Take Action AAO-HNS Members: Act Now to Oppose "Physician" Status for Audiologists!
Contact your federal legislators TODAY and urge them to oppose "direct access" and "limited license physician" status for audiologists in the Medicare program!

A "kitchen sink" audiology bill (H.R. 2276) was recently introduced in Congress, and the AAO-HNS needs your help! If enacted, the proposed bill would not only grant audiologists their long-sought unlimited direct access to Medicare patients without a physician referral, but it would also establish audiologists as "limited license physicians" under the Medicare program.

The AAO-HNS strongly opposes H.R. 2276 and is working to communicate our concerns to lawmakers. And, we're not alone in our position. In the previous Congress, more than 120 national, state, and local medical societies joined the AAO-HNS in opposing similar legislation. Given the continued inclusion of "limited license physician" status in H.R. 2276, we expect to maintain, if not expand, the support for our position, a fact that underscores the serious issues associated with direct access and other misguided provider changes to the Medicare program.

To call your legislators, contact the Capitol Switchboard at 1-202-224-3121. You will be asked for the name of your U.S. Representative, which you can find here. Once you are connected to a legislator's office, tell him/her you are a constituent and leave your name, phone number, and address, along with the following message, "As an otolaryngologist-head and neck surgeon (or ENT physician) and a constituent, I strongly urge you to refrain from co-sponsoring H.R. 2276, and oppose any efforts to advance the bill."

Patient Safety is at Risk - Don't be Misled by the Audiology Patient Choice Act (H.R. 2276)

This is not a "turf" issue - it is a patient safety issue, and the Centers for Medicare and Medicaid Services (CMS) agrees. For years, CMS has maintained a position regarding the direct access issue that physician referral is a "key means by which the Medicare program assures that beneficiaries are receiving medically necessary services, and avoids potential payment for asymptomatic screening tests that are not covered by Medicare ...." And, in a June 2016 report by the National Academies of Medicine on older Americans and hearing health, the authors noted their recommendation "excludes direct access to audiologic testing for assessment of vestibular and balance disorders and dizziness, which require physician referral."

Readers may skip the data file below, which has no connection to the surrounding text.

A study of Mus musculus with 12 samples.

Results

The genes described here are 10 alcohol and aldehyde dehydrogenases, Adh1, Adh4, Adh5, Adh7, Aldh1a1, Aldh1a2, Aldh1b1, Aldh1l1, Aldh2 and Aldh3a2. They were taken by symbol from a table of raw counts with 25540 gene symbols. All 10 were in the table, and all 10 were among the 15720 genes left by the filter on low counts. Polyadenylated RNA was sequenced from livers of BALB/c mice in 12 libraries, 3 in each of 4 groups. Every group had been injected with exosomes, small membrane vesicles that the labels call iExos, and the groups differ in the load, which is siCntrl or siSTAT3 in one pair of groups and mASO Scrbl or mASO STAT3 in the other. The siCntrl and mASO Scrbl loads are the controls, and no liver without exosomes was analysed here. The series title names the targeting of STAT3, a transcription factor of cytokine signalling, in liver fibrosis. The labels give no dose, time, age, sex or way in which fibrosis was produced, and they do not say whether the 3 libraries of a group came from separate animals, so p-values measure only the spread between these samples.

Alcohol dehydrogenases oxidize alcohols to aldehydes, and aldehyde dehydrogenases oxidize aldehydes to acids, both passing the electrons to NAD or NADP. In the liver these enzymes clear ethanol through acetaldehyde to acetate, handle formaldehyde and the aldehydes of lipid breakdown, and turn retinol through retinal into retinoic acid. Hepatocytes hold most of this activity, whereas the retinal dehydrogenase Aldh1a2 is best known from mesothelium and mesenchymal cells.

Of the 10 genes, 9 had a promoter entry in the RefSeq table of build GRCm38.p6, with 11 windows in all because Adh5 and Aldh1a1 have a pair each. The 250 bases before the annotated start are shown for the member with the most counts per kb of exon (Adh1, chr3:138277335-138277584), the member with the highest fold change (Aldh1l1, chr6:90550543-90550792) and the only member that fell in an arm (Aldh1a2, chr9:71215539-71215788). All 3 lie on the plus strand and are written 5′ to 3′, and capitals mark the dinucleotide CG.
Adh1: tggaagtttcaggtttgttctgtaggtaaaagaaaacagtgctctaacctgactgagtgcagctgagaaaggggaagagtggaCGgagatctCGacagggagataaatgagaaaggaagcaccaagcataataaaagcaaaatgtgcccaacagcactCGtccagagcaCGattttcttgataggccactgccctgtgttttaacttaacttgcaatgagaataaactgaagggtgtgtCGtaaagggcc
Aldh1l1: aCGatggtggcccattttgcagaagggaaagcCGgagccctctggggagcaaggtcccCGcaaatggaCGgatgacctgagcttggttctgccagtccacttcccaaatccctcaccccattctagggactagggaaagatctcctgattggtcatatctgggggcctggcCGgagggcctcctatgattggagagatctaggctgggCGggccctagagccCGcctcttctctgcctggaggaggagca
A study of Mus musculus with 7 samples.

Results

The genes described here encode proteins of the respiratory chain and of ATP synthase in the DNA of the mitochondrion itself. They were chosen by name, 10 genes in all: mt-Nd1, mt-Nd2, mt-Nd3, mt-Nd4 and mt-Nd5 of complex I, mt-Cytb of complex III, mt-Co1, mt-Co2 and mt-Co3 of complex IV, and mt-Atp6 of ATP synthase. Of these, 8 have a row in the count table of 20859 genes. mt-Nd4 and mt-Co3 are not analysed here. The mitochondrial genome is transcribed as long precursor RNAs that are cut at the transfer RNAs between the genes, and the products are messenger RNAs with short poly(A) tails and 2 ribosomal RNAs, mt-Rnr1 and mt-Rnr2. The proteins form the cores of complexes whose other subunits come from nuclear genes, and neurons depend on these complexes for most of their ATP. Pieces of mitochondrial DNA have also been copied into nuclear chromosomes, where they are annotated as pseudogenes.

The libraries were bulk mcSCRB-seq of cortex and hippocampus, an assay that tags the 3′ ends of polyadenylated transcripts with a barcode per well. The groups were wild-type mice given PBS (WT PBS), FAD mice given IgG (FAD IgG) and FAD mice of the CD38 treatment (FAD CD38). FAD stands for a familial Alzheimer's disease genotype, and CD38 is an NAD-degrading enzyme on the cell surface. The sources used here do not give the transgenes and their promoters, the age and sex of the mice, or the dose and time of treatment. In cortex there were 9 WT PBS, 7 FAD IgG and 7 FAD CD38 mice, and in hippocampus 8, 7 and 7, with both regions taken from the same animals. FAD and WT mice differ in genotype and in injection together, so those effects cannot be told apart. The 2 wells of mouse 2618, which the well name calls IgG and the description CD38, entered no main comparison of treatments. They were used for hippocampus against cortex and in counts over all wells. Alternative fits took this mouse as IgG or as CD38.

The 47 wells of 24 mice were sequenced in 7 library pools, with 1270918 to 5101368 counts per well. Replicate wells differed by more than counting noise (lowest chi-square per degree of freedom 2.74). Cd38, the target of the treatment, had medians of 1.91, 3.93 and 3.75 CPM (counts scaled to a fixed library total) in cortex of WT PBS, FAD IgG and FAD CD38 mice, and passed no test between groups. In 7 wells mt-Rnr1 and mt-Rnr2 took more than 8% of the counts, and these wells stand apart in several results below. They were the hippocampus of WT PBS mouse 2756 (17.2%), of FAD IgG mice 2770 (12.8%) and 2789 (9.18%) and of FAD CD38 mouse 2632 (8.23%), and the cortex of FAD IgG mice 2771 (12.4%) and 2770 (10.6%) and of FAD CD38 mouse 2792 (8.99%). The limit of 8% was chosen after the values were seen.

Unfortunately, H.R. 2276 and its proposed "direct access" represents an escalation in the audiology community's efforts to inappropriately expand their scope of practice to include the medical diagnosis and treatment of hearing and balance disorders. To ensure an accurate medical diagnosis, these conditions require a full patient history and physical examination by an MD/DO physician. The aspirations of some audiologists to independently make a medical diagnosis to treat hearing and balance disorders transcends their level of training and expertise.

Notwithstanding the patient safety concerns associated with direct access, the inclusion of audiologists in Medicare's definition of "physician" will create confusion regarding the qualifications and training of various healthcare providers. Audiologists and many other non-physician providers with doctoral degrees can now call themselves "doctor." However, audiologists are not physicians and should not be considered as such under the Medicare program. And, broadening the term "physician" to include non-physician healthcare providers encroaches on the "expert" status achieved by MD/DO physicians.

In conclusion, Otolaryngologists are dedicated to ensuring patients have access to the highest quality and affordable hearing healthcare, but H.R. 2276 will not help to further advance this goal. I urge you to refrain from co-sponsoring this misguided legislation and oppose any efforts to advance the bill. If you or your staff have any questions, please contact me or the American Academy of Otolaryngology-Head and Neck Surgery's Legislative Advocacy team at legfederal@entnet.org.